Hi, I need help with essay on Human Sexuality. Paper must be at least 1750 words. Please, no plagiarized work!Download file to see previous pages… This also becomes highly pertinent for the simple f

Hi, I need help with essay on Human Sexuality. Paper must be at least 1750 words. Please, no plagiarized work!

Download file to see previous pages…

This also becomes highly pertinent for the simple fact that non-monogamy, especially in the forms of divorce and other forms of separation, adultery and marital infidelity, has already been a part and parcel of the daily social existence (Emmens 2003). Hence this leads us to the subtle differentiations between various conceptual categories that are critical in the constitution of our sexual desires and preferences. The constructionist approach towards human sexuality and sexual preferences have already shattered the essentialists’ and conservatives’ arguments on the ground that sexual subjectivity, including identity and sexual orientations and desires, are inherently offshoots of the larger social and cultural environment (Ritchie and Barker 2006, 585). It is in this context that a postmodern challenge against the hegemony of heterosexual monogamy has emerged from an albeit new form of “partner arrangements that vary as to the number of people involved, the sexes of those involved, the sexualities of those involved, the level of commitment of those involved, and the kinds of relationships pursued” known as polyamory (Strassberg 2003, 440). A form of non-monogamy polyamory stresses upon “people’s capacity to share and multiply their love in honest and consensual ways” (Anderlini-D’Onofrio, 2004 as quoted in Ritchie and Barker 2006) as opposed to the rigid ethical, moral restraints associated with monogamy. The emergence of polyamory as a conceptual category seeking to subvert the prevalent beliefs regarding sexual desire and practice has significantly contributed to the ongoing debate around, especially, polygamy and other non-monogamous unions. …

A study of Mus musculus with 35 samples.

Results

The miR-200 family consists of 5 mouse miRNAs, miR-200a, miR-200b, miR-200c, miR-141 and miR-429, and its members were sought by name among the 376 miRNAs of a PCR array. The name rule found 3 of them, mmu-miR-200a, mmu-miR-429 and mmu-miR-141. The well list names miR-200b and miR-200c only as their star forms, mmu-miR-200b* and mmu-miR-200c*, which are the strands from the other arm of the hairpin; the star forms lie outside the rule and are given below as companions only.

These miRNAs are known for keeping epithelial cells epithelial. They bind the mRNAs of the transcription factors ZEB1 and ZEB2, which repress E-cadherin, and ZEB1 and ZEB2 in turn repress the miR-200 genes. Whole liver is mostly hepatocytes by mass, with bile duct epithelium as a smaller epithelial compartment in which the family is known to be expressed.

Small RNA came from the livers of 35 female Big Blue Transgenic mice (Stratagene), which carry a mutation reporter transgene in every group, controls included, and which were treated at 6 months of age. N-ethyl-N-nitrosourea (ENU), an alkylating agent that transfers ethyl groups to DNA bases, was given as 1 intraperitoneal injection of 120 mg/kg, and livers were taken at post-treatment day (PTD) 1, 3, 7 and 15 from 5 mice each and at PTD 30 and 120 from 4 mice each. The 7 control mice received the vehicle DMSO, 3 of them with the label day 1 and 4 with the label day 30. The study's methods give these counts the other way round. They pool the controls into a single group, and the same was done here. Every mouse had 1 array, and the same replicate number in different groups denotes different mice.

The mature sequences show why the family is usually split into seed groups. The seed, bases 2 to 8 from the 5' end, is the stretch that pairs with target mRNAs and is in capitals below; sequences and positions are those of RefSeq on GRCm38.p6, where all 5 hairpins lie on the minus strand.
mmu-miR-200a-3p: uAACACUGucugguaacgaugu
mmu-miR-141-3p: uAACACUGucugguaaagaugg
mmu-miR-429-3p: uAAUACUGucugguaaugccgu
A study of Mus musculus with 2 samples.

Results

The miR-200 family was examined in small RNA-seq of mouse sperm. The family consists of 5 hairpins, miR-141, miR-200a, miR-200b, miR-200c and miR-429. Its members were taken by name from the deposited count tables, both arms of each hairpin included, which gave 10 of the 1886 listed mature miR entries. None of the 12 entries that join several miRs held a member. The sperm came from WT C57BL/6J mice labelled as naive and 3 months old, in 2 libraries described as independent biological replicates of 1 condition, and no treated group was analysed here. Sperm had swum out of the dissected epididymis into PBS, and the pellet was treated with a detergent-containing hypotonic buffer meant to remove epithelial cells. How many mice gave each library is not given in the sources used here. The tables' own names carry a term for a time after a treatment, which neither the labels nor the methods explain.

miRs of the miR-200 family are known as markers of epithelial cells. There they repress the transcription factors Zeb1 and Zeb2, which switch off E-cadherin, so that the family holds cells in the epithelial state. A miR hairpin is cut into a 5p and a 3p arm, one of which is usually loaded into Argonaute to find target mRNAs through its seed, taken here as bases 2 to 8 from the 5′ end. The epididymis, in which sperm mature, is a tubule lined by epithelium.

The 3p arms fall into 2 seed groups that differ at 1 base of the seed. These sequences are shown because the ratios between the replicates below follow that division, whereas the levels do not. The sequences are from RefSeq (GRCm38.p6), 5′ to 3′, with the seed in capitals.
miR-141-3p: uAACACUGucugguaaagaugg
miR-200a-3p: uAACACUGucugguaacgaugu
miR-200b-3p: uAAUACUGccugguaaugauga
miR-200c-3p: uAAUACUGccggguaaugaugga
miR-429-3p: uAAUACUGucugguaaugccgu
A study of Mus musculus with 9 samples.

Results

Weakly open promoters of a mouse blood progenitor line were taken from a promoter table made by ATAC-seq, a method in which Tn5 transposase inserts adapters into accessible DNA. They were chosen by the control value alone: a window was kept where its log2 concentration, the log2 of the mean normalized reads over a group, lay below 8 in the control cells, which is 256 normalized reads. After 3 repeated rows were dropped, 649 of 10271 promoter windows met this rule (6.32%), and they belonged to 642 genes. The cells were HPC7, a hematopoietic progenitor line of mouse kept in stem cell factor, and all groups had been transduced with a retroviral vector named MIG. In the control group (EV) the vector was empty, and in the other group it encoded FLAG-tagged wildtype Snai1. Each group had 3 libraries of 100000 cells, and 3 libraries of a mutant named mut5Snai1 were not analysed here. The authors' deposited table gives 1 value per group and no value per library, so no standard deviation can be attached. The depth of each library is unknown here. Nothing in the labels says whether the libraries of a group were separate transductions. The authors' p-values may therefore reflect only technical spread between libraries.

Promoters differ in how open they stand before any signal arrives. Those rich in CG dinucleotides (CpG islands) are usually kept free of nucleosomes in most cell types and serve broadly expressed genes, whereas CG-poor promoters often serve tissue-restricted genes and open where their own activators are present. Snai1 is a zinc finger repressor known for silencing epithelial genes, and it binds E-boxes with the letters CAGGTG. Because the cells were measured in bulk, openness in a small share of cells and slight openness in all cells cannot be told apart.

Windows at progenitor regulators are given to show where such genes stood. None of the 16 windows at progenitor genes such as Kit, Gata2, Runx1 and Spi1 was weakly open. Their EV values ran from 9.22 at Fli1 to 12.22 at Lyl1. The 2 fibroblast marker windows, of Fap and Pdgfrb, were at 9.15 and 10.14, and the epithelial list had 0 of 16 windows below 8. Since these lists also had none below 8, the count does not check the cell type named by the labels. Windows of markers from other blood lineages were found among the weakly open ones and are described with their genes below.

The emergence of polyamory as a conceptual category seeking to subvert the prevalent beliefs regarding sexual desire and practice has significantly contributed to the ongoing debate around, especially, polygamy and other non-monogamous unions. In fact defining the various forms of non-monogamous and other forms of sexual practices, as neatly articulated in the Lawrence case at the Supreme Court (See Emens 2003 and Ashbee 2007 for a detailed analysis of this case), like bigamy, polygamy, incest, obscenity, masturbation and so on as logical extensions of enterprises to legalize same-sex marriage invites us to revisit those categories, including monogamy and the postmodern polyamory. Despite the different factors that co-exist with monogamy and that have already invalidated the very base of monogamy, the institution of monogamy still looms large “in this nation’s social landscape” (Emens 2003, 8). In the western culture it still continues to be a fact that that life-long or serial monogamy with one (everlasting) partner is the dominant model of relationships available. It exerts its hegemony through various apparatuses that are basically concerned with mainstream, statist ideologies. Depictions and valorizations of monogamous couples, fidelities and other romantic associations still fill the media discussions and other forms of cultural representations. This compulsory notion of monogamy not only renders all other forms of non-monogamy invalid and invisible but also labels alternative desires and relationships as completely unethical, amoral and pathological (Ritchie and Barker 2006).